Scout does not have a very close relationship with her aunt. Even though they are family, Scout's childhood is very different from what Aunt Alexandra experienced. As a result, Aunt Alexandra wants Scout to act and dress like she, Alexandra, did when she was a little girl, and Scout doesn't...
Scout does not have a very close relationship with her aunt. Even though they are family, Scout's childhood is very different from what Aunt Alexandra experienced. As a result, Aunt Alexandra wants Scout to act and dress like she, Alexandra, did when she was a little girl, and Scout doesn't understand why. Aunt Alexandra constantly projects her views and opinions onto Scout and most of them are difficult for the little girl to understand. Aunt Alexandra is not an affectionate person, either, so the way she projects her opinions onto Scout seems brazen at times. For example, Aunt Alexandra doesn't like Scout wearing pants. When Scout argues that she finds it difficult to do certain things in a dress, her Aunt says that she shouldn't be doing anything that requires pants. In the same conversation, Scout also remembers the following:
". . . Aunty said that one had to behave like a sunbeam, that I was born good but had grown progressively worse every year. She hurt my feelings and set my teeth permanently on edge. . ." (81).
What Aunt Alexandra doesn't understand is that the way to change a child's behavior is through love, not through bossiness. Because there is a huge generation gap, too, Scout notices the following when Aunt Alexandra comes to live with them in chapter 13:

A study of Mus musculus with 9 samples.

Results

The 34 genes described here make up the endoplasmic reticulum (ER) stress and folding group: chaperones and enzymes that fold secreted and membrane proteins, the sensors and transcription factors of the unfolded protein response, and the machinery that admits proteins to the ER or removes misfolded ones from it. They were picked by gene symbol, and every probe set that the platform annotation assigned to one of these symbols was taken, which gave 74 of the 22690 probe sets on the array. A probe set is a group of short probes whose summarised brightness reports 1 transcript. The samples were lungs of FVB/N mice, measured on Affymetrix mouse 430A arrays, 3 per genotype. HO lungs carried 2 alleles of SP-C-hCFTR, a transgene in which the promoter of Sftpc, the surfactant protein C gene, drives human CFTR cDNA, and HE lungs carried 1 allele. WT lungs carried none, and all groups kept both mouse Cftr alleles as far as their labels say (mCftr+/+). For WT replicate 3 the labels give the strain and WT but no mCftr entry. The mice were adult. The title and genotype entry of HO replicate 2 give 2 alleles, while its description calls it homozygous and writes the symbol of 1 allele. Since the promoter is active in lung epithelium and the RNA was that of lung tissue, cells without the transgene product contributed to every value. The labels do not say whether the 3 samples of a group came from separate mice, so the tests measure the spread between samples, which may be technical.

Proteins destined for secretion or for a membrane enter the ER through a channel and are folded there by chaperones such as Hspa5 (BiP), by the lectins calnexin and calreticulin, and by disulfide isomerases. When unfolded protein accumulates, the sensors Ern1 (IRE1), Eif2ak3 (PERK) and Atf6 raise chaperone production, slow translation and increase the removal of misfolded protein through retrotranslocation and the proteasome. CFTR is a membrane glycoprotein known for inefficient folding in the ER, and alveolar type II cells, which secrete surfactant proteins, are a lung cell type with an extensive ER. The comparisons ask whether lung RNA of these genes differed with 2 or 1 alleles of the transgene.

"Aunt Alexandra fitted into the world of Maycomb like a hand into a glove, but never into the world of Jem and me" (131-132).
Aunt Alexandra brings her opinions with her when she moves in and they don't help her to connect with her niece at all. In fact, when Scout feels the desire to befriend Walter Cunningham, Jr., Aunt Alexandra puts another wall between herself and Scout by telling her that she can't be friends with the boy. When Scout asks why she can't be friends with Walter, Aunt Alexandra says the following:
"Because—he—is—trash, that's why you can't play with him. I'll not have you around him, picking up his habits and learning Lord-knows-what. You're enough of a problem to your father as it is" (225).
Aunt Alexandra is just as prejudiced as other white people in Maycomb. Because of this, and the way she treats her niece, Scout does not bond with her aunt. Scout knows that she must obey Aunt Alexandra, but even that is difficult for her sometimes. Therefore, Scout and Aunt Alexandra are not close, they don't have much in common, and they struggle to live with each other for the most part.